We're in the height of Championship season, and it's fair to say that, all in all, both our hurling and football editions have lived up to expectations.
We've enjoyed some classic football games, such as Kildare V Armagh, Monaghan V Down - but it will all boil down to the semis, and we knew that since the start of the year.
Galway and Tipperary played out a typically tit-for-tat encounter on Sunday, and it was the most exciting hurling game of the year, though we've had a few.
The age-old debate lives on between snobs of both codes, arguing that their game is better.
One thing we can all agree on is that we're both better than soccer. Thanks to Dragons Den business man Gavin Duffy for pointing that out.
— Gavin Duffy (@GavinDuffy) August 6, 2017
Many other famous faces, even those from a football background such as Killarney, in former president of the GAA, Sean Kelly were bowled over by last week's action.
— Seán Kelly MEP (@SeanKellyMEP) August 6, 2017
For this writer, there is no debate, hurling is the better game and here's how those of similar ilk can prove that to their football counterparts.
1.Hurling is more exciting - to watch and to play. A score can be manufactured from any location on the field, in the minimal of time. A goalkeeper could pick out an attacker with a zinging puck-out and he could tap it over about two seconds after the puck-out.
Hurling is awesome to watch :) ... and that is a view from Scotland
— Angus B MacNeil MP🇺🇦 (@AngusMacNeilSNP) August 6, 2017
A game can change in an instant which means spectators are always on the edge of their seats, and players are leaping out of their skin. It also means that a game really isn't over until it's over, because goals can be scored out of nothing, momentum switches in an instant and hefty leads can be reigned in in an instant. Football is a lot slower moving.
Just look at some of these scores.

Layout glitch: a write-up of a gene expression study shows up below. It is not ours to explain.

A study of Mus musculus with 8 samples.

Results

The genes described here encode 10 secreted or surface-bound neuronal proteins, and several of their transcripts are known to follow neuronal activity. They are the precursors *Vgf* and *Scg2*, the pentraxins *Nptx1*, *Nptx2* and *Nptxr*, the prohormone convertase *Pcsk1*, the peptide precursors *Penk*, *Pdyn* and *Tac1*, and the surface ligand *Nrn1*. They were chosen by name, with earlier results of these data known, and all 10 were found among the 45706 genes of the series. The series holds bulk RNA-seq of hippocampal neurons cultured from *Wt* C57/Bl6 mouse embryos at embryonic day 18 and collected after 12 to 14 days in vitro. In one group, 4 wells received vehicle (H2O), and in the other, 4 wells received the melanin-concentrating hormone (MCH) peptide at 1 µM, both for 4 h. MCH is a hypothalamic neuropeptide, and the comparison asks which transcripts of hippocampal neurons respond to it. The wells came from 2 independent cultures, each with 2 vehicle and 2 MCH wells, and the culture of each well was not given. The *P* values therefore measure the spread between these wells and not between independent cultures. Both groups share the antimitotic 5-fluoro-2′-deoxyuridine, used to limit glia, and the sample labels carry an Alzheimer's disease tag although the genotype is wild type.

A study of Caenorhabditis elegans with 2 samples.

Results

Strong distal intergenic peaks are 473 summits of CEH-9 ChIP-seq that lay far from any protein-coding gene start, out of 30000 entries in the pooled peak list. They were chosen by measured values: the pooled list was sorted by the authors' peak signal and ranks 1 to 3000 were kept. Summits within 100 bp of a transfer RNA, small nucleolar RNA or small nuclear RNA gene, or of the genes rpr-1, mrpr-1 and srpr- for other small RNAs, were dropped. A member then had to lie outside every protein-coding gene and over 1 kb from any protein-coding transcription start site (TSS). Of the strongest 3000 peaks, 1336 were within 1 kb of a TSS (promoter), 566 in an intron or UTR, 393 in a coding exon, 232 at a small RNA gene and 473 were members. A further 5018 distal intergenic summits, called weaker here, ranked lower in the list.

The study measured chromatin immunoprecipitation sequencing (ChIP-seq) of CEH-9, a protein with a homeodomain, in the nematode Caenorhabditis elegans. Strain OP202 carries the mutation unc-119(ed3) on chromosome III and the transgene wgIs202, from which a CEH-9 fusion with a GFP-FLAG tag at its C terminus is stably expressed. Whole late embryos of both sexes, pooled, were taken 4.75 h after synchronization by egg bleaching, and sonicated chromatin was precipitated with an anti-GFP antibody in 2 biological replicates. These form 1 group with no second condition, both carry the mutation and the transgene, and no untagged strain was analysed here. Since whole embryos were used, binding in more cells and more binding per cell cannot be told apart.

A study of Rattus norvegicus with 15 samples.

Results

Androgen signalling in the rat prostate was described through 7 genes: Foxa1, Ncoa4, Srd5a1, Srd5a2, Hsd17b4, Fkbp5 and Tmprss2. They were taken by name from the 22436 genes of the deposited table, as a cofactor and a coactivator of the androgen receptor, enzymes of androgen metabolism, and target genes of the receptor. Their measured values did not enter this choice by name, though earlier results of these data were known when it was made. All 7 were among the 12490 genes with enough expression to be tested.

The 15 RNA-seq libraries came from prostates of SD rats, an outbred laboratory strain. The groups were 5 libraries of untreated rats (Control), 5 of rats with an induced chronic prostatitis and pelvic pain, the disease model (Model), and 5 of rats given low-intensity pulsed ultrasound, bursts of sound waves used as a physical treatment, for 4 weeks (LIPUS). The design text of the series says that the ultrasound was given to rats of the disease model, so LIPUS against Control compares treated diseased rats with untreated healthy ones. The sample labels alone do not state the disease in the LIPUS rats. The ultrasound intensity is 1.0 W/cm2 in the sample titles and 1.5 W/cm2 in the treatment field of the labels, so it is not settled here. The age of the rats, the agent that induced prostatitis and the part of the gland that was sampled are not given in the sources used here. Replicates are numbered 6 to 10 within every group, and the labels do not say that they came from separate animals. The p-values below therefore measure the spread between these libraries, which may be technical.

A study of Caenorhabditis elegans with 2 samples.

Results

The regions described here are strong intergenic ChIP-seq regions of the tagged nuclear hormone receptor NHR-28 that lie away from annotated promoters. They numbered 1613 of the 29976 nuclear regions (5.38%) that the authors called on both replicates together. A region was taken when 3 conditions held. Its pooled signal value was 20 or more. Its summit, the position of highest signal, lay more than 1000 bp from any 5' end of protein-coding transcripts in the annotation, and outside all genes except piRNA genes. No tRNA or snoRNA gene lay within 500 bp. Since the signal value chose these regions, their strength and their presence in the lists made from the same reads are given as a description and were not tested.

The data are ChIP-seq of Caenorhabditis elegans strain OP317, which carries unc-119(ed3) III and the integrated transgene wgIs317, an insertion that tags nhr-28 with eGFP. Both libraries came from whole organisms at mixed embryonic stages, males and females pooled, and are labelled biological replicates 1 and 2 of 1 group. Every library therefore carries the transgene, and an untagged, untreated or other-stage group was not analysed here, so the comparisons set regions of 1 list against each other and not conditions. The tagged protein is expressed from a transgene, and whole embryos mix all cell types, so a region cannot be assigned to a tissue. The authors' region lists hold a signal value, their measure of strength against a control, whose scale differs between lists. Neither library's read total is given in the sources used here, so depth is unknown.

Galway 0-22 Tipperary 1-18 at full-time. Joe Canning with the last minute winner! pic.twitter.com/S5rUBzem15
— eir Sport (@eirSport) August 6, 2017
2. More based on skill - The basic requirement of a hurler is to be skillful, and there are so many skills to be mastered. A footballer could get away with a lacking of skill by compensating for it with fitness and speed. A hurler lacking in skill will be found out quicker than a footballer. Let's put it this way, the majority of skilled hurlers, will also be skillful at football, but that's not the case for as many footballers in hurling.
3. Last weekend - When was the last time we seen a football game that ebbed and flowed quite like Galway and Tipperary?
4. Less demanding to practice - Hurlers can practice every single hour of the day, and they wouldn't get tired. They can puck off a wall, with a pal, and they can do it all without breaking a sweat. A footballer practising takes a lot more energy and effort, and kicking the ball off a wall or with a pal doesn't have the same magic.
5. You can always have a puck - Even when you're 50, 60 or even 70, you'll still be able to pick up the hurl and go at it again. By that age a man will be stiff, they might be shook and their hamstrings certainly won't allow them kick a football. You never lose the hurling.
6. Less cynical play - There's no black card farce in hurling, there's no outrageously obvious cynical play, like we sometimes see so often in football.
7. Less emphasis on physicality - Footballers are trained to be physical specimens , a hurler with all the skills and speed will trump a physical lad with a lack of skill, the cream rises.
8. Less tactics - Tactics, tactics, tactics. That's the way football has gone nowadays, whether it's followers like it or not. There's defensive tactics, there's players flooding back and so on. We saw Tipperary and Galway on Sunday and it was fifteen on fifteen, it was the beautiful man-on-man battle which is what we want to see in the GAA.
9. The foreigners can see it - Every time there's a hurling game broadcast on Sky Sports, Twitter is taken over by foreigners who had never seen our great game before and think it's the best thing they've seen since sliced bread - well, some of them.
I've just discovered Hurling on @Sportsnet I might stop covering hockey to cover this thing.
— Matt and DJ (@IceDogsThisWeek) June 26, 2015
10. Inventiveness - In nearly every game of hurling we are provided with so many glimpses of flamboyant originality that just amazes us. Moments like Austin Gleeson's earlier in the year, Mark Coleman's sidelines, or Walter Walsh's against Limerick, but in reality, whenever Noel or John McGrath and so many other hurlers touch the ball, we are amazed.